Every work by out composer and pianist Jake Heggie is meaningful to him, but his chamber opera, ‘Three Decembers,’ is especially personal. It bows this weekend in the ATL, closing out The Atlanta Opera’s 2014-2015 season.
Based on an unpublished play by Terrence McNally with a libretto by Gene Scheer, it takes place in the month of December in the years 1986, 1996 and 2006. At the center is an actress struggling with family issues.
The opera started off as an opportunity for Heggie to work again with McNally. “He was my collabora- tor on my ‘Dead Man Walking,’” he says. “He wrote the libretto for it. He has won four Tony Awards and is nominated again this year. I think he’s a great collabora- tor, a wonderful man. Just after we finished ‘Dead Man Walking’ I asked if he had any other stories, anything original. He handed me a script he had written for an AIDS benefit in 1999 at Carnegie Hall that starred Julie Harris, Cherry Jones and Victor Garber.”
Heggie read the script and was “wowed and moved” by it. He knew he wanted to use it as the basis for his new chamber opera. “I knew it needed to be longer than 14 pages to be an opera, though,” he says. Scheer agreed to write the libretto and it became the op- era it is today. “It started with the idea of working with Terrence, but I also loved the storyline—a famous Broadway actress and her two adult children, who have become estranged over the years. It dealt with the AIDS crisis, a theater life, mental illness, all different kinds of issues. Gene managed to change that into a story, a full-length opera.”
The first performance of “Three Decembers” was in Houston in 2008. Since then, it has been performed all over the world. This, however, will be the Southeast premiere.
The son in the show, Charlie, is gay and lives in San Francisco with his partner, who is dealing with AIDS. Heggie felt it was important to write about AIDS. “I had been asked many times to deal with the AIDS cri- sis in one of my pieces. So many young people today don’t know what it was, what that time was like.
Growing up in the ’80s and ’90s, it is something we have to remember.” At the heart of “Three Decembers” is a secret involving the father, yet everyone has problems. The daughter is dealing with addiction and spousal infidelity, while the son’s coping with his partner’s demise. “A lot is going on!,” Heggie laughs.
He had to deal with the loss of his own father growing up. “We dealt with the emotional shrapnel and wreckage of it,” he says. He and his mother both live in San Francisco and are very close.
McNally has been a frequent collaborator and Heggie would love to continue that. “He is a brilliant man of the stage. His in- sight into character and how it all works is unparalleled. He also has a great love of the opera and the human voice, so it was natural to eventually write a libretto. Gene Scheer has those same qualities, too.”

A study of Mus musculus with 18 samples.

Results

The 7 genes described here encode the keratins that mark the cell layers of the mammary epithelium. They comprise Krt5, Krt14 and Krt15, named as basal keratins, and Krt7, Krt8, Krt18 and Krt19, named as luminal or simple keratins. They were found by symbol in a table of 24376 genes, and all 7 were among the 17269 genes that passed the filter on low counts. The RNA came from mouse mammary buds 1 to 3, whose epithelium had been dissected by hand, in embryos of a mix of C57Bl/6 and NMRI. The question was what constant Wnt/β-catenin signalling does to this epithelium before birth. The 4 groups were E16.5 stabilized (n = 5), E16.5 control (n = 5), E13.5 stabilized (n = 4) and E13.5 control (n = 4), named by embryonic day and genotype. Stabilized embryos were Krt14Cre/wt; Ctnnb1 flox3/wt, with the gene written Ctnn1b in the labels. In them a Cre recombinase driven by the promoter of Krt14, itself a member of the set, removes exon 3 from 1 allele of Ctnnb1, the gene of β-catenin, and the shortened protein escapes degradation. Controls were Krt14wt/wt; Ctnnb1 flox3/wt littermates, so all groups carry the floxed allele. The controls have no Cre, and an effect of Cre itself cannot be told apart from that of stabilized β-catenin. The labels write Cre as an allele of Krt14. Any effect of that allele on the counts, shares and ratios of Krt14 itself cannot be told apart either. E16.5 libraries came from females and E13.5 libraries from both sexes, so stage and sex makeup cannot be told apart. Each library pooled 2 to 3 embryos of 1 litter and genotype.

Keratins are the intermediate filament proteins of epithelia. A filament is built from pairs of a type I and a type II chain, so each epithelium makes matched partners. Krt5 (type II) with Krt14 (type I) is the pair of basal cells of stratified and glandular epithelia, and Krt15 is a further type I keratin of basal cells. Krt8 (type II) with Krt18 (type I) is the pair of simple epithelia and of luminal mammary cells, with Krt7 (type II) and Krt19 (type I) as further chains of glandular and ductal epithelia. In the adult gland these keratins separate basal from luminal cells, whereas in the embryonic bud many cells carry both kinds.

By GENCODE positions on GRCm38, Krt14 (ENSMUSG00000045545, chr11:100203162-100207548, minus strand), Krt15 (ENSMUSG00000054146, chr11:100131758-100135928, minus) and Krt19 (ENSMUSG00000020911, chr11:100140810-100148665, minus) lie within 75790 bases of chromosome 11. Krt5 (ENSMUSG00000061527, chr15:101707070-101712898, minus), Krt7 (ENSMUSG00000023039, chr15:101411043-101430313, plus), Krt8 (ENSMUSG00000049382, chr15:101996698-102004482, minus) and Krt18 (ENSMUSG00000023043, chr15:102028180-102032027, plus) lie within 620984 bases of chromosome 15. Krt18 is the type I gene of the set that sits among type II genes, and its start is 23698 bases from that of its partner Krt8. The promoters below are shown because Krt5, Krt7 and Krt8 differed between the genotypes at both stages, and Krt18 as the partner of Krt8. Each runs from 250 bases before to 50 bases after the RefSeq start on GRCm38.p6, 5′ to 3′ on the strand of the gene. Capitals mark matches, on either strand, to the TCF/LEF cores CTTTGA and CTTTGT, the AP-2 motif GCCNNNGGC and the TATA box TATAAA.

Heggie is proud to be in an era that boasts something of an opera renaissance. “It is an amazing time, but I don’t know that it is a renaissance. I don’t know that American opera ever had a rush like this. All of a sudden in the last 15 years it’s grown from a handful of new works a year to dozens and dozens, from every size company—large, medium and small, all over. What young composers are finding is that not only is it a viable art form for today but a way of having social and po- litical conversations. It’s very exciting. When I wrote ‘Dead Man Walking,’ it was one of only three or four new operas around.” He estimates there are around two dozen new operas this year.
His works share a common theme—a transformative quest for identity. “(People asking) where do I belong? What is my place on the planet, in the order of things? Why?,” asks Heggie.
A typical opera project generally lasts three to four years, from the initial concept to the opening night. He says it’s usual to tweak a little bit after an initial run.
“The scary thing about opera is, you don’t get previews. You are basically shot out of a cannon at the audience. The only time opera exists is in performance. We try to do as much on the front end such as workshops, but you really don’t know what it is until it’s up on stage.” “Decembers” went through an extensive rewrite after its premiere.
Heggie says he grew up loving musical theater— thinking he would write for the genre—as well as movie musicals and TV variety shows of the 1960s and 1970s.
“I also loved solo singers, particularly the female ones. I liked singers that had a story to tell.” That evolved into learning about the operatic voice until the opportunity came to write his first opera, “Dead Man Walking,” which premiered in San Francisco in 2000. He later worked on “Moby-Dick,” based on the Herman Melville novel.
He has lived in San Francisco for more than 20 years and his husband Curt Branom is a performer. They were officially married in 2008 and have a 19-year-old son.
Although he’s hard at work on two new stage works—“Great Scott” for The Dallas Opera later this year and an opera based on “It’s A Wonderful Life” for the Hous- ton Grand Opera in 2016—he is looking forward to attending the May 29 Atlanta opening night.